March 7, 2012

Sex and the Siddhis: Why We Still Need to Discuss Yoga and Sex. ~ Amy Jirsa

(Photo: Pink Sherbert Photography)

William Broad, the NYT journalist who has stirred such controversy in the yoga world, is a scientist—or, perhaps more accurately, a science journalist.

He is a researcher and a writer.

As someone who finds comfort in science I imagine that, in his 30 year practice of yoga, perhaps Broad has come a little too close to spirituality for his own comfort. Obviously I’m guessing here.

In my experience with scientists they like their exposures to be verified so that they deny all that is subtle in existence. (Okay, huge generalizations going on here, I admit).

This isn’t to say that scientists, as a whole, don’t have a sense of the infinite, of the universe, but they do have a desperate need to explain it (i.e., “I’m not in love, she just spikes my serotonin”). I wonder if this is what has happened to Mr. Broad.

Over and over again we see the spiritual effects of yoga.

Now, I’m not saying that everyone who practices yoga suddenly sees the god(dess), but there is almost always, a connection between mind, body, and that something we can’t define (spirit?).

Our intuition becomes stronger—suddenly we know what we need and why we need it. Our eating habits change. We become mindful of more and more moments in our day. We watch our patterns, our habits. We find those unsavory parts of ourselves and work, within the moment, to change them.

If this is not a spiritual awakening, I’m not sure what is.

So, did William Broad come too close to his own unsavory side? We all have one, after all.

One of my greatest teachers, Hari Jap, once told me that yoga is a mirror. Eventually you see the truth about yourself and either you keep looking, or you put the mirror down.

Either way that’s your path and that’s what’s right for you. It will happen whether you picked up yoga specifically for a spiritual awakening, or because you wanted a stronger—insert body part here

When faced with that mirror sometimes we just need to explain away our experience. Maybe we decry yoga as unsafe, so as to distance ourselves from it.

A side note—yoga can be unsafe, it’s true. But, and this is where one of the key tenants of yoga comes in, it is your personal responsibility to make sure you don’t get hurt. Is your yoga teacher pushing you? Find another one. Does it hurt when you go into a certain pose? Don’t do it.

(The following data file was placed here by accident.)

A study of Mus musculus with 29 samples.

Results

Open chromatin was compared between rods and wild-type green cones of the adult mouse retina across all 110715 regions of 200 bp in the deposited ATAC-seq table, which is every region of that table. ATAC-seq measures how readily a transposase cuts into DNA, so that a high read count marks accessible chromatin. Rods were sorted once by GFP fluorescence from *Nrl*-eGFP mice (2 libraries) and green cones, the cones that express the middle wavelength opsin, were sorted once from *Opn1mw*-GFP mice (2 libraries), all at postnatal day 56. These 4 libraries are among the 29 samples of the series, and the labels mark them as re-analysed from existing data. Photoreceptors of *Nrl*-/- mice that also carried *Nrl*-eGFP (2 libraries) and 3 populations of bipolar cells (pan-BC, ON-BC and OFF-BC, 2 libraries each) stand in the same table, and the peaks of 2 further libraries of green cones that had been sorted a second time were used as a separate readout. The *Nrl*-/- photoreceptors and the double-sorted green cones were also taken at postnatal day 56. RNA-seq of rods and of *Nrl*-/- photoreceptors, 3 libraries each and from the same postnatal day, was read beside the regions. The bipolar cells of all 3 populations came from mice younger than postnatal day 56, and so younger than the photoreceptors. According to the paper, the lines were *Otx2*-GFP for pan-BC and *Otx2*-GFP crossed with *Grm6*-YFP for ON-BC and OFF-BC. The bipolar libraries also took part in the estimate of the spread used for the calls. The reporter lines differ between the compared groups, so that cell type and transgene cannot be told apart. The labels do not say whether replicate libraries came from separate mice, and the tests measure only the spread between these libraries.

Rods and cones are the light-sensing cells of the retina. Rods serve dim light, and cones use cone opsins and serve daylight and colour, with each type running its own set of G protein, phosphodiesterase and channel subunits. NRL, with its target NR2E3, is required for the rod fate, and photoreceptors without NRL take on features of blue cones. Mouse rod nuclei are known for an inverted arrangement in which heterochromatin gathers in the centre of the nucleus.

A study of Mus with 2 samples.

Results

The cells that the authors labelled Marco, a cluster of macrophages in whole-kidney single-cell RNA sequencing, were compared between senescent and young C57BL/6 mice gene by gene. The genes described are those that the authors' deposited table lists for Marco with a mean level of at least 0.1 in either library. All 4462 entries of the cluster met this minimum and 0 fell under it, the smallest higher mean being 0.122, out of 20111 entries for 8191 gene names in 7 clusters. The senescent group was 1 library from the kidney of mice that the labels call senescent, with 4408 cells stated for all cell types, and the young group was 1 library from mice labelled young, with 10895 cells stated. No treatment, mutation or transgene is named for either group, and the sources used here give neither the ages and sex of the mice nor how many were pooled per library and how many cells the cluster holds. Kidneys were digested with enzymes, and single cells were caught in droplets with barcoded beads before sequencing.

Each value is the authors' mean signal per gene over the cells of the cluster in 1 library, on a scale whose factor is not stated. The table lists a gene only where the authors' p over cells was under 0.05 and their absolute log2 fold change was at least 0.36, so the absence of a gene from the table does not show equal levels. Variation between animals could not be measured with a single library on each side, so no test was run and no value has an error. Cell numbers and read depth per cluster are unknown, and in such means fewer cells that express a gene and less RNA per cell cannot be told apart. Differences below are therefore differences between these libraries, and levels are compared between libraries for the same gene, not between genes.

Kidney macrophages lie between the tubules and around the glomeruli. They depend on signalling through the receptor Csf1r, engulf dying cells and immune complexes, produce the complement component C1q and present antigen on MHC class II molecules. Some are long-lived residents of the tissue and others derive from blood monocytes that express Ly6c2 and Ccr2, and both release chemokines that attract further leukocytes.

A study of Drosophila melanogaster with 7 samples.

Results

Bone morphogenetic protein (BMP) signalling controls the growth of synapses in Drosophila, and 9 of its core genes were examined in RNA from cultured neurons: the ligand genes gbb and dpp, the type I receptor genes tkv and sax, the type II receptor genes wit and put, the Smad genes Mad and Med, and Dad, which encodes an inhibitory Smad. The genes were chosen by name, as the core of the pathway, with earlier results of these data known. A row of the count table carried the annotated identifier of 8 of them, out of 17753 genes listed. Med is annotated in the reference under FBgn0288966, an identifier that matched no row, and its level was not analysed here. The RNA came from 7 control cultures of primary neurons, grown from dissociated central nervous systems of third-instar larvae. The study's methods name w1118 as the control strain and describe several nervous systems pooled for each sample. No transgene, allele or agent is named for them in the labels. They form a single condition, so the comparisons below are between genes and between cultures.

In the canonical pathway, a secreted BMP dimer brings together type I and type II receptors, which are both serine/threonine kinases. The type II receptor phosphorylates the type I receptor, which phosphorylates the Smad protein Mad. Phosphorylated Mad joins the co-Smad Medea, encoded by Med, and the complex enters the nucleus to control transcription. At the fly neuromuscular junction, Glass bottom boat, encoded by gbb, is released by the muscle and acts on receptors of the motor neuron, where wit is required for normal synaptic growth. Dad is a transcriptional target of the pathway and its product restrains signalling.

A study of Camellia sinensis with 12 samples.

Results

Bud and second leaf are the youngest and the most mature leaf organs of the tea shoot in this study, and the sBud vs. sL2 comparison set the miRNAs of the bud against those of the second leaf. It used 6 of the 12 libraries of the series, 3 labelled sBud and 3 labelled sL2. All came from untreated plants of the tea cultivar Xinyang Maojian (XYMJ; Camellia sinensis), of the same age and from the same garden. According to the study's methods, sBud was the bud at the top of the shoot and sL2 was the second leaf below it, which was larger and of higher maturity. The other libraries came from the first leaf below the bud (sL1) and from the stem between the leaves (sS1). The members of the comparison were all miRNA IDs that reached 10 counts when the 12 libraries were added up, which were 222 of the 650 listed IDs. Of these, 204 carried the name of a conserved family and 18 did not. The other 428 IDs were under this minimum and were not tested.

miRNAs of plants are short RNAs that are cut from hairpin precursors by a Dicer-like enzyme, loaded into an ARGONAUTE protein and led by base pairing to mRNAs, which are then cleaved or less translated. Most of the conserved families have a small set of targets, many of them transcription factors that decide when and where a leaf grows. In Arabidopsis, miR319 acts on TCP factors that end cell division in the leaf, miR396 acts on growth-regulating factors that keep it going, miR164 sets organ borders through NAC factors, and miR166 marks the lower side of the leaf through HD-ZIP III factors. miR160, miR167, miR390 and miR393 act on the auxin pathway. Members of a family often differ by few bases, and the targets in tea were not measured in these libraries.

Ultimately you are the creator of your reality; your choices are what led you to where you are. Or, if the world acted upon you in a way you couldn’t have predicted or prevented, then it is your response to that incident that defines your life to come.

Sometimes we explain it away by claiming yoga began as a sex cult. For the record, let’s say one more time that Tantra is not about sex. Tantra is:

“a conscious approach to self-discovery which directed the seeker to prepare mind and body to the level where it could withstand any turbulence, both inner as well as outer. Tantras noted three unique states of sadhana (spiritual endeavor)—purification, illumination, and unification.”

Tantra sees everything as sacred and, sure, that includes sex, but it includes everything else as well.

I’m not saying Mr. Broad is necessarily using sex to force a reaction. What I am saying is that we still live in a vastly Puritanical country, and sex is bound to offend someone—and, of course, sex sells. As a yoga practitioner, and one who admits that he enjoys his practice, one has to wonder at the impetus behind such an inflammatory article.

(Photo: Wonderlane)

Of course yoga focuses on the pelvic region. If you have any deeper knowledge of yoga, you’ll understand that yoga is, in part, designed to get energy flowing in the body.

This energy is based in our first Chakra, Muladhara. When this energy is out of sync it can result in anger, greed, grasping, and fear. Yoga is designed to open these Chakras and, yes, sexual desire could be a part of that.

But! You can’t stop at the first Chakra.

Perhaps this is where many of Broad’s “philanderers” were challenged.

In order to channel that energy, which is what Tantra is all about, you have to keep going. You have to move that energy up to the third eye, Ajna Chakra, through meditation. Here is where we assess the urges of the lower triangle and elevate them.

Where many yogis give up, thinking the only real benefits come from physical practice, this is actually the seat of our intuition, our understanding.

The bliss that Broad refers to, attributing it to Tantra and sex, is the bliss of enlightenment—the bliss of denying the bodily urges so that the channeled energy allows us a spiritual awakening. Once that awakening is achieved, everything is bliss.

This is what is meant by siddhis, or states of being accomplished through the practice of yoga and meditation. Some of these include clairvoyance, astral projection, controlling the weather, and many more.

The trick is to not become lost in your own ego and your own abilities. Channel these desires, this attachment, and reach a state of bliss.

Okay, so is this too esoteric for Mr. Broad? Perhaps. But every time the science world decides to test claims about the benefits of meditation, they are pleasantly surprised.

So yoga may allow you to enjoy a more robust sex life. Great! The trick is not to get caught there, stuck there, you have to keep going.

Enlightenment occurs when we are past the attachment of earthly pleasures. Also, accept personal responsibility. If you are uncomfortable in a situation with a teacher, then leave. Move on. Dogma isn’t going to get you anywhere.

Think for yourself—this is what yoga helps us to do, it opens the mind by opening the body.


Editor: Jennifer Cusano

Amy Jirsa is a writer, wanderer and yogi. She makes her home at her studio, Quiet Earth Yoga, and on her blog: quietearthyoga.com.